If you’re like most of us, at some point, you have felt like God was missing. I’m not talking about the time you spilled coffee down your shirt right before a meeting or left $30 worth of perishable groceries in your trunk on a hot summer day. I’m talking about a season in which you felt abandoned; you wondered what happened to the miracles, or why God seemed so distant and unconcerned. If this is you, the book of Exodus is your book.
Reconnecting with God
If an Old Testament book seems irrelevant to your life, take a closer look. Exodus is about the departure of the Hebrews from Egypt, but that part of the story is over by chapter 15. The bigger picture and overarching story is about God’s move from apparent absence to a tangible, undeniable presence. It’s a story about movement, both the physical movement of God’s people and the more subtle movement of God’s company.
Has God Forgotten His People?
During the first two chapters of Exodus, God appears to be conspicuously absent. There is a new king who has no regard for Joseph or the nation. The Hebrews are put under slavery and harsh oppression. Pharaoh orders the death of Hebrew children, and the list goes on.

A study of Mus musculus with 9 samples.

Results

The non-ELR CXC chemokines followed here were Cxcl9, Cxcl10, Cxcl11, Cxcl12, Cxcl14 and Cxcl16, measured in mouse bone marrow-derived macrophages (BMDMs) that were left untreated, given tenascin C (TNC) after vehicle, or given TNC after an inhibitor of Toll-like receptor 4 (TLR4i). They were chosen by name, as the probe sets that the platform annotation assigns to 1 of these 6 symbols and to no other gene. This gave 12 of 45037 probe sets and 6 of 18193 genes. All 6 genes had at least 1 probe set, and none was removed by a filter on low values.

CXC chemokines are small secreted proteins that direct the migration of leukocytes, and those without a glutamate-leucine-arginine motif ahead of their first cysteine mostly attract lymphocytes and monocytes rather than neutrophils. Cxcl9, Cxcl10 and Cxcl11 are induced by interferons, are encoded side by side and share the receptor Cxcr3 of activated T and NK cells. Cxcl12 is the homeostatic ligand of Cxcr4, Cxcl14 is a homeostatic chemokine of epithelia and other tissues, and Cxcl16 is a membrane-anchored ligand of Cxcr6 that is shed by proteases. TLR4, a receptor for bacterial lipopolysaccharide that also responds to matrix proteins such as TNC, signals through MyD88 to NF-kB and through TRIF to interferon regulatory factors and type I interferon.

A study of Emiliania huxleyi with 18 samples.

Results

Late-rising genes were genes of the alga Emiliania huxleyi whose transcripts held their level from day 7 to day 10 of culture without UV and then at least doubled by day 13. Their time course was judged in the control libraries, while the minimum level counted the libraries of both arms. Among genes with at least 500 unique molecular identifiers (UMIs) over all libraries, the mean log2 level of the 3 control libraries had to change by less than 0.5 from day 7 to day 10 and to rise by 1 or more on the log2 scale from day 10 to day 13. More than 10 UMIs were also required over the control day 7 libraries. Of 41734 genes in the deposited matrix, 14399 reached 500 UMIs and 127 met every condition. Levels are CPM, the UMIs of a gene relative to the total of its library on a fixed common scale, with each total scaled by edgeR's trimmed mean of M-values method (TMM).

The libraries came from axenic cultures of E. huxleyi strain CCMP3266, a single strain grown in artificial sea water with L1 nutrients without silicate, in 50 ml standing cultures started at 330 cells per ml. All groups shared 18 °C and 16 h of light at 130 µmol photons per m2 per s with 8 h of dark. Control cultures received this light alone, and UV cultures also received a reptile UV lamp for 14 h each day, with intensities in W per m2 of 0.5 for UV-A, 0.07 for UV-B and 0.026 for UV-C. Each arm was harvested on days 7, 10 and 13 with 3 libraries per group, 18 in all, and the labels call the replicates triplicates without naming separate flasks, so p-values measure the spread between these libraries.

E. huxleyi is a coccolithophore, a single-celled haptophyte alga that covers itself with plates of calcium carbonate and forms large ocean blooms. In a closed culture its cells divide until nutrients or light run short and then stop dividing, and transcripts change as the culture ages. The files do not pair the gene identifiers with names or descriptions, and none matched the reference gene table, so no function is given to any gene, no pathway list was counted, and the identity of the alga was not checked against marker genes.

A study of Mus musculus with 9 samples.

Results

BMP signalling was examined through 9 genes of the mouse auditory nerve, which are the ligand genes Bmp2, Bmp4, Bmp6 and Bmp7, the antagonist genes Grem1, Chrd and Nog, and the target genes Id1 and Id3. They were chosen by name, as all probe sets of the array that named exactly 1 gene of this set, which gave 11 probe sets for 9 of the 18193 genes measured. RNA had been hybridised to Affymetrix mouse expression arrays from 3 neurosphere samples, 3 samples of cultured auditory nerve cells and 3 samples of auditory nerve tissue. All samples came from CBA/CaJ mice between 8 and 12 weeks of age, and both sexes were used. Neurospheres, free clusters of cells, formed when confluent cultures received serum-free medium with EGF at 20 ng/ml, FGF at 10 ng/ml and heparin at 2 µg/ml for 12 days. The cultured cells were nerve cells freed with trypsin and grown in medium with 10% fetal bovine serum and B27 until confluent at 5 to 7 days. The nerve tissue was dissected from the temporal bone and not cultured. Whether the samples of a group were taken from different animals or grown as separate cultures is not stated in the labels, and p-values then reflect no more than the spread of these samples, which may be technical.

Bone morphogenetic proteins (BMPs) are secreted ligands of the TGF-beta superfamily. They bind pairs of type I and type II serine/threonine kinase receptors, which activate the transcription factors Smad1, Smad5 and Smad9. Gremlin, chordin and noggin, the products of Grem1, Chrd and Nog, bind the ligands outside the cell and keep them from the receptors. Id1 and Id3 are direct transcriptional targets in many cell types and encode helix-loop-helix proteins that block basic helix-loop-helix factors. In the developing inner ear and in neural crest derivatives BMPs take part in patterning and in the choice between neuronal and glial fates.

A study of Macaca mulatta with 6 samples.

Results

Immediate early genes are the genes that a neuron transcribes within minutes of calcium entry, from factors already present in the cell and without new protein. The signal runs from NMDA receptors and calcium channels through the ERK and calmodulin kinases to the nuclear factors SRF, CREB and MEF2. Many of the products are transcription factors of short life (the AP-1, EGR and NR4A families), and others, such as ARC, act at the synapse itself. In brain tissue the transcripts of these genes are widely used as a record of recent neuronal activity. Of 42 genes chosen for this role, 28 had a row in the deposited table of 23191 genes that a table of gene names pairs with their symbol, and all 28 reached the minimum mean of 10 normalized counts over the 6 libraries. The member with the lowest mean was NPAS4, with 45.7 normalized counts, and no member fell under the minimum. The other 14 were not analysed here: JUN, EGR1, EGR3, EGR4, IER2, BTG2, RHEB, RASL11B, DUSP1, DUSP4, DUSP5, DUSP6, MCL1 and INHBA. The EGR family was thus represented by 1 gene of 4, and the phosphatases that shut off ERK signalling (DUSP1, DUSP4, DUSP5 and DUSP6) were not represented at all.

All of this would have the Israelites wondering: Where is God? Has he abandoned his covenant with Abraham? Is he angry? I have been there too, wondering if I missed something or what I did to cause God to turn away from me.
But God wasn’t far away. God heard their cries for help. In Exodus 2:23-25, God “took note” of their groaning; a very Hebrew way of saying God is about to take action.
God is Sometimes Silent, but Never Absent
We find later that all of this took place to give way to the fulfillment of God’s promise to make the Hebrews a mighty nation. The giving of the law at Mt. Sinai in Exodus 19-24 serves as the official fulfillment of this promise. The Hebrews later build the tabernacle where God is dwelling at the end of Exodus in the midst of his people. The truth is that he was never absent at all; he was actively orchestrating events for the good of his people.
The next time you’re wondering why God’s gone radio silent on you, remember the Hebrews. I want God to dwell in the midst of my life. I want to be smack dab in the middle of whatever he is planning, even if it means I don’t understand it.